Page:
Brett Walker of Ukiah, Calif., picked a nice time to win his first professional event, and he did so with style.
Walker fired an 8-under 63 Tuesday to get into a playoff, then birdied the first extra hole to defeat Omar Uresti and win the PGA Stroke Play Championship at PGA Golf Club.
Walker started the final round four shots out of the lead, but played his first 10 holes on the Ryder Course in seven-under to charge into contention against a quality leaderboard that included PGA stalwarts Uresti, Rod Perry, Bob Sowards and Ben Kern.
“You hear those names and it’s easy to get intimidated because they’re all great players,” Walker said. “But I focused on my game. I knew I could win. I just didn’t know it would be today.”
The 29-year-old Walker, who spends his winters in Jupiter and works as a PGA Assistant Professional at John’s Island Club in Vero Beach, earned $5,400 for the victory. Walker and Uresti finished at 13-under 201 before heading to the par-5 17th as the first playoff hole.
Walker’s second shot from 250 yards went over the green. He chipped to 4 feet and watched as Uresti faced a sidehill 8-foot birdie putt.
“I was expecting Omar to make it,” Walker said. “When he missed it, I was like ‘Wow!’ I was nervous. It wasn’t like an out-of-body experience, but my hands were shaking a little. It means so much to see my hard work pay off.”
Uresti, the reigning Senior PGA Professional Player of the Year, birdied his first four holes to move into a share of the lead Tuesday. He parred the next eight holes before making birdies at the No. 13 and No. 17 to force the playoff. It was the second consecutive year he lost the Stroke Play Championship in a playoff.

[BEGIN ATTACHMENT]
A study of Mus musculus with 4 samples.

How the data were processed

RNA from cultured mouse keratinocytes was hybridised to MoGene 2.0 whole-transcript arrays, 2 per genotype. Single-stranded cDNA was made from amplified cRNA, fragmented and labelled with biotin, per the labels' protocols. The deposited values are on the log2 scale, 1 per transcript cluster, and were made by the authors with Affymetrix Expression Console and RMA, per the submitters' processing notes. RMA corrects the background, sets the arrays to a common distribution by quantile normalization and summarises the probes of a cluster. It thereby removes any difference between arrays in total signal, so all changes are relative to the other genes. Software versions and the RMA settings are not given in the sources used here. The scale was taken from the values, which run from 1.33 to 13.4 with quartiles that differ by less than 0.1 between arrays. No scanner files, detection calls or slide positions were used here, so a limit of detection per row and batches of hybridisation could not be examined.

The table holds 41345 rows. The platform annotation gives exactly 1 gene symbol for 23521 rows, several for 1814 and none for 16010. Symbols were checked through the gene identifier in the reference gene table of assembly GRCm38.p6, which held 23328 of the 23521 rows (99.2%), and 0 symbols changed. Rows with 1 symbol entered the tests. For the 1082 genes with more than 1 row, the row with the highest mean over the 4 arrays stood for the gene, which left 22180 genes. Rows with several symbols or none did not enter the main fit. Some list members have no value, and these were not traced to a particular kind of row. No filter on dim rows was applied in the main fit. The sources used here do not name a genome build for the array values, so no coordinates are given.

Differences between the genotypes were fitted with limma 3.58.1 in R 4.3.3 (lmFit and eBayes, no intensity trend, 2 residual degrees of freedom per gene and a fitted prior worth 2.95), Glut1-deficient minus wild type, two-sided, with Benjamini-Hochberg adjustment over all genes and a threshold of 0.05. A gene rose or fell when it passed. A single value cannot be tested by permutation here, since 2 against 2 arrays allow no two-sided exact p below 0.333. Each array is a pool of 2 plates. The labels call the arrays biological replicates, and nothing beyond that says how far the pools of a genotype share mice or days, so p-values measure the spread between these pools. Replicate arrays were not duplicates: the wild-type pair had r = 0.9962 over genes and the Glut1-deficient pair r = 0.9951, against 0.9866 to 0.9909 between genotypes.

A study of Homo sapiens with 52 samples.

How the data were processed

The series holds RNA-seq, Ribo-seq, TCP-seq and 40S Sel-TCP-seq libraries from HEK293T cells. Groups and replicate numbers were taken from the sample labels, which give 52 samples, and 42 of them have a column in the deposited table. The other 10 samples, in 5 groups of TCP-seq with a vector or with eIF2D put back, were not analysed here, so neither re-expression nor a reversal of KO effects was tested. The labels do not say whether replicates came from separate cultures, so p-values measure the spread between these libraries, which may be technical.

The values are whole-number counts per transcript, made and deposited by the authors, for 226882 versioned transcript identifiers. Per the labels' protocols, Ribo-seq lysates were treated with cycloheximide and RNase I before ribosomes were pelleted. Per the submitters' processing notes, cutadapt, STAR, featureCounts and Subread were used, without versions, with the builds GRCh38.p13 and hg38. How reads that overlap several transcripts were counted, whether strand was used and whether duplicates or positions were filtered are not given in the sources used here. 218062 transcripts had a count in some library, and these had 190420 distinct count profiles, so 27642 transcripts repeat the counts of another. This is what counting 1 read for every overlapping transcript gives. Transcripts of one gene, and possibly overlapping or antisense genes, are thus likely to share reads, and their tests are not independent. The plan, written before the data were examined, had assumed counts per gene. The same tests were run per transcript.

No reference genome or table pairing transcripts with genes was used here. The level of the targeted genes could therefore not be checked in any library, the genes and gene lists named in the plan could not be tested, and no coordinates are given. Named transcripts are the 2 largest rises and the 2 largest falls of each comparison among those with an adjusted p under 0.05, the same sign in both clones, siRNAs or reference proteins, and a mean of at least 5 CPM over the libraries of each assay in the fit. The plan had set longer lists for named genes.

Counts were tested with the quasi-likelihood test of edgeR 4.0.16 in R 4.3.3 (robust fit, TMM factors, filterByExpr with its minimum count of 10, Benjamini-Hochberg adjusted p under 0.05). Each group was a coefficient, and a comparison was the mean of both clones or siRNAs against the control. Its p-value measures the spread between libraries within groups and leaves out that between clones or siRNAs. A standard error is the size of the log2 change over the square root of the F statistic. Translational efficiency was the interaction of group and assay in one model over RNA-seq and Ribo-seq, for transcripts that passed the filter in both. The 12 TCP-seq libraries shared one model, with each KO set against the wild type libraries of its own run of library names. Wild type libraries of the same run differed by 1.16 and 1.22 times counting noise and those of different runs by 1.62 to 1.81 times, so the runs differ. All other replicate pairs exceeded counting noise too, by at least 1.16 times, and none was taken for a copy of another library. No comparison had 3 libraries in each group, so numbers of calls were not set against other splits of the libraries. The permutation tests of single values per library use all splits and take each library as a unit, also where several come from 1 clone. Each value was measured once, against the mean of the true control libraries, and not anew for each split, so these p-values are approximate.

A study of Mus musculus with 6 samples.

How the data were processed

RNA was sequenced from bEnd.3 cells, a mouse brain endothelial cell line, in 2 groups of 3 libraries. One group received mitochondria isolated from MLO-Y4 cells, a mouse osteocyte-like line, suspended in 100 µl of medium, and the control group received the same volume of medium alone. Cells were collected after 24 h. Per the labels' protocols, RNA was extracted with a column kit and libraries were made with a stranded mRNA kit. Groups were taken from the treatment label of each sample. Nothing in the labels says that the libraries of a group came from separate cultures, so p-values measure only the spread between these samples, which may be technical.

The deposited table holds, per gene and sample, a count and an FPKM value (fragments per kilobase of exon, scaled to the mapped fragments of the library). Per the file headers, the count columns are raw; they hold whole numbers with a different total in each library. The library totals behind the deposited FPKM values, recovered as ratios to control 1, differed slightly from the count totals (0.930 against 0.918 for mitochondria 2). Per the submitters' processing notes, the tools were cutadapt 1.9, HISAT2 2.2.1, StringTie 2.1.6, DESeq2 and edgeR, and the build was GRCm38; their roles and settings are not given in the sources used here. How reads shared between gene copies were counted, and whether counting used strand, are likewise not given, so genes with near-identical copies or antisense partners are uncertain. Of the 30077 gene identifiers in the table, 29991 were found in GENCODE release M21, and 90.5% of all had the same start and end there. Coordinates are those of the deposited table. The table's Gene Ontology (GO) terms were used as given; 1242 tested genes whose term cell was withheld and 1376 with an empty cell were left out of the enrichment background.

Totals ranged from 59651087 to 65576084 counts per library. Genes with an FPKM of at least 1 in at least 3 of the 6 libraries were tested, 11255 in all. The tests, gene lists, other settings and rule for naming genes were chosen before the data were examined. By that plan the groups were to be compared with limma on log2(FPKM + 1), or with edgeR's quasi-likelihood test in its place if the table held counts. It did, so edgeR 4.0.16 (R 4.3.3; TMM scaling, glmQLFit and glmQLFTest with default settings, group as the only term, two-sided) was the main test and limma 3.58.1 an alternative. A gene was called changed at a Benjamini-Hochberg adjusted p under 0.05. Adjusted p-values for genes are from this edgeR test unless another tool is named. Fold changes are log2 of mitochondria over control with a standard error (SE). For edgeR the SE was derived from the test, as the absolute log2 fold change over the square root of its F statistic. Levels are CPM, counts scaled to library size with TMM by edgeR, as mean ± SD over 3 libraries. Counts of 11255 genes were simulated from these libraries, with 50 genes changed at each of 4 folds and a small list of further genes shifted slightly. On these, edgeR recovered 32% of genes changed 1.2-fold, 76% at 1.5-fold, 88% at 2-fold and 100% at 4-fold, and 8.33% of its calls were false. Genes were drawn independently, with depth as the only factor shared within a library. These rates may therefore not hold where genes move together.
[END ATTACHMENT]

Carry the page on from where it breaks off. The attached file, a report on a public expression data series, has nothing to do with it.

Perry of Port Orange, Fla., was tied for the lead, but bogeyed the final hole to miss the playoff by a shot. The bogey was the only blemish during a 5-under 66 that vaulted Perry into a third-place tie at 12-under 202 with Trevor Bensel (68) of Villanova, Pa., who started Tuesday with a two-shot lead.
Sowards (67) of Dublin, Ohio finished fifth at 11-under 203, a shot ahead of Kern (68-204) of Georgetown, Texas and Joe Summerhays (68-204) of Syracuse, Utah.
Defending champion Jason Caron (67-206) of Oyster Bay, N.Y., tied for ninth. Caron, a former Jupiter resident, was recently named PGA Professional Player of the Year.
The Stroke Play Championship is part of the PGA Winter Championships, which are presented by GolfPass and PrimeSport.